The Top 5 Tracks for Draw Bias in the UK – these are a must know to take into account when betting or you could be throwing money away! Here are our top 5 tracks where you should take into account the draw bias, backed up by statistics.
When looking at a horse race punters take many things into consideration, such as the horses form, the going and the distance of the race. One piece of information that is sometimes overlooked however is the horses draw. At some racecourses, the stall number that a horse is drawn can have a huge influence on its chances of winning a race. If you’re confused about what draw bias is, click here to read our guide explaining draw bias before reading on!
In UK horse racing the most profound draw bias are at the following racecourses;
- Chester – Significant advantage to be drawn low.
- Beverley – Significant advantage to be drawn low.
- Lingfield (Turf) – Significant advantage to be drawn high.
- Thirsk – An advantage to be drawn high.
- Catterick – An advantage to be drawn low.
Below we look in more detail at the racecourses listed and explain in more depth the specific draw bias.
Chester is the oldest racecourse in England still in use and is also one of the smallest. Comprising a 1m and 1f loop Chester has the most extreme draw bias of all UK courses and is also probably the most well-known. Due to the tight nature of the track, the need for early speed at Chester is vital to get to the front and to make use of any favourable draw. The draw bias is most prevalent over 5f but it is still a factor over 6f and 7f and the larger the field, the more important it is to be drawn low. The last 180 horses drawn stall number 11 or higher over 5f at Chester have ALL failed to win – highlighting how significant the bias is. Soft ground can also have an impact on the draw however, with the inside of the track sometimes getting chewed up, leaving better ground on the outside.
The 5f course at Beverley has one of the most distinct draw bias of any racecourse in the UK with a massive advantage in being drawn low. An uphill finish that also slopes to the left means that horses drawn high have to run further than horses drawn low. Stall numbers 1 and 2 have 70 combined wins from the last 490 runs, with stalls 10 and 11 having just 11 combined wins in the same time span. The bias also applies to 7f races and to soft ground also, due to the fact that high drawn horses have to run so much further.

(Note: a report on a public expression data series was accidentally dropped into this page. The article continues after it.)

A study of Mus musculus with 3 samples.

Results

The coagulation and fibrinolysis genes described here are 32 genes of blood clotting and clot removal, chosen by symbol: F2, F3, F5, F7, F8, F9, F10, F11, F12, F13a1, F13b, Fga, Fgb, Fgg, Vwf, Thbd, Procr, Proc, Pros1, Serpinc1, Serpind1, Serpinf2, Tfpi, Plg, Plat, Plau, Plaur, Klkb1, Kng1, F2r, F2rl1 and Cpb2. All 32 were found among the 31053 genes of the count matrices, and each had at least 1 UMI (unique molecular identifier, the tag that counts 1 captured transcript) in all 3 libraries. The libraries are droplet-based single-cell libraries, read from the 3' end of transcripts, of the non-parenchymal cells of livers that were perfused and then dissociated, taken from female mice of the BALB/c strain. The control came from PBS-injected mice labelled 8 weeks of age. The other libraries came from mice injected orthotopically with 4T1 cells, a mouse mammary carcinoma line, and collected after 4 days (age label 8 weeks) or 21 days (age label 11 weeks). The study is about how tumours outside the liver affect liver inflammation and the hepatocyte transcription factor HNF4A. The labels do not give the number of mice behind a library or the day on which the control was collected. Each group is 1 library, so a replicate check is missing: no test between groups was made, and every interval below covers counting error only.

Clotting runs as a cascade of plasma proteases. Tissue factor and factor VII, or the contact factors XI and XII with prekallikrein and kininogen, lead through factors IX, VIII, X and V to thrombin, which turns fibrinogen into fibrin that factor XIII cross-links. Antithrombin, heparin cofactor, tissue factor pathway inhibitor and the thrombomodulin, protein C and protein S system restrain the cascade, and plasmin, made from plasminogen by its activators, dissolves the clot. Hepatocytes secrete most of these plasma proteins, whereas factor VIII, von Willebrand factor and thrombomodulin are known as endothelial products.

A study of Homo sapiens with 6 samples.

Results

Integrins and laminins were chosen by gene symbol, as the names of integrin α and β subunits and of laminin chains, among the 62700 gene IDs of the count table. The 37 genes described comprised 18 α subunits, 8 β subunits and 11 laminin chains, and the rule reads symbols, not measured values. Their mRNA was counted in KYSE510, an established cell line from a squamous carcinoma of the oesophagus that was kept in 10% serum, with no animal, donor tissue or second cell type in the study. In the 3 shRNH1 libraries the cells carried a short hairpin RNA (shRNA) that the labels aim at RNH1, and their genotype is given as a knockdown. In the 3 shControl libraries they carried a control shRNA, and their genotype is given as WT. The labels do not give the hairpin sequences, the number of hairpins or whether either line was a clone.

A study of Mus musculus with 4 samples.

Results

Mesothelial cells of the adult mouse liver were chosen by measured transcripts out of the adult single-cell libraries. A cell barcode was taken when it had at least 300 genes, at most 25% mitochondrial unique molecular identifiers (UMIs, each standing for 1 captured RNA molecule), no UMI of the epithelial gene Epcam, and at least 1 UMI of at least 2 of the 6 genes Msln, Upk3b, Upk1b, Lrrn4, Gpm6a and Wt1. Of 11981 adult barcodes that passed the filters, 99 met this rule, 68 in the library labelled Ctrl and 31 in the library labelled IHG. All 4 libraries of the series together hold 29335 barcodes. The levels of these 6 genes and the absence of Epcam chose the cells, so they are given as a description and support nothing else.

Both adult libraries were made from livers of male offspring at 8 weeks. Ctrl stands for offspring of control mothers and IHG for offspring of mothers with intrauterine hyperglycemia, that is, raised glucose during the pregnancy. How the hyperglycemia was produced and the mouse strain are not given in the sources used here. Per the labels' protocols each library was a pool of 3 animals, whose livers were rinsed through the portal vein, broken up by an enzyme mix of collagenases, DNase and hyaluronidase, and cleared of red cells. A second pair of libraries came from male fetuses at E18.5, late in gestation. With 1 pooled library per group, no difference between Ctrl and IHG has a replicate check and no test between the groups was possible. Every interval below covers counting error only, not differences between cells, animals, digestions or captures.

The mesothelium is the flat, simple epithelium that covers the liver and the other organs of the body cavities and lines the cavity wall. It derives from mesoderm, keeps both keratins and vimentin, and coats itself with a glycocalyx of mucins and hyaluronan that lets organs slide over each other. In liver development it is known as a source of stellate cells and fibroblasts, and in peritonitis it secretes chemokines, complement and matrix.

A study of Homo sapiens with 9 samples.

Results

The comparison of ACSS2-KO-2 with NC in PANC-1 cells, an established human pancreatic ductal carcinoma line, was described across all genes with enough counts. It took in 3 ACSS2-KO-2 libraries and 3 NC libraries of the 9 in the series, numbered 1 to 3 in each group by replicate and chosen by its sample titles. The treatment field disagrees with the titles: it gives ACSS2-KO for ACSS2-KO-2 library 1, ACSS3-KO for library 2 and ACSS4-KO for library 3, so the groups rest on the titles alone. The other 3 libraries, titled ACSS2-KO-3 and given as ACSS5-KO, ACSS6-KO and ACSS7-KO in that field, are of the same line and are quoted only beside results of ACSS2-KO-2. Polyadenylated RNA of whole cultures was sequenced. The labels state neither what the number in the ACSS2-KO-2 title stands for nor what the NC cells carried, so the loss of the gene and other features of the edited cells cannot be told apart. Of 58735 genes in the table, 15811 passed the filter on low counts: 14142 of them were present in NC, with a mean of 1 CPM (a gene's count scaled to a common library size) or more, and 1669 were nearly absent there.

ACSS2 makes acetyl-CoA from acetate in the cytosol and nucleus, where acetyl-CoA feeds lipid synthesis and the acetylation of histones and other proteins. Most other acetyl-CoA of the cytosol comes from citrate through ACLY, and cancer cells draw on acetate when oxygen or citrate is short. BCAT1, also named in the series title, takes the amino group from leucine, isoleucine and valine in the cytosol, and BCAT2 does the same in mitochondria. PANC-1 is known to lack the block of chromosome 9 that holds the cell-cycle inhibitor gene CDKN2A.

The turf course at Lingfield has a significant advantage to horses drawn high over the 5f, 6f and 7f courses. A high draw means being closer to the running rail meaning that horses drawn high have less distance to cover than those drawn low. The most commonly used stalls at Lingfield for the 5f course are numbers 1-8 and for the last 74 races stalls 5-8 had 36 winners with stalls 1-4 producing only 15 winners. Although not used often due to the normal size of the fields, stalls 16-20 have an excellent strike rate when used.
Thinks offers an advantage to horses drawn high, with high drawn horses being closest to the running rail which offers good track position for those that break smartly. High numbers have an excellent strike rate over the last 160 races with 39 winners of three-year old + handicaps over 5f being drawn high with only 7 being drawn low. Although a small sample size, the figures do indicate the importance of the draw. Soft ground can affect the draw however, with runners tending to stay to the middle of the course rather than coming to the running rail.
The draw bias at Catterick offers runners drawn low over 5f-7f an advantage over those drawn high. Catterick is a sharp track which is downhill almost the whole way incorporating a slight left-hand bend which offers the advantage to those drawn low. The strike rate for stall numbers 1-6 is roughly 10% with stall number 9-15 only returning a strike-rate of 3%.
With this information, you can see that the stall a horse is given at the above racecourses can have a massive influence on it’s chances of winning. Next time you are looking to have a bet at racecourses such as Chester, remember to take the draw into consideration – it may well pay off.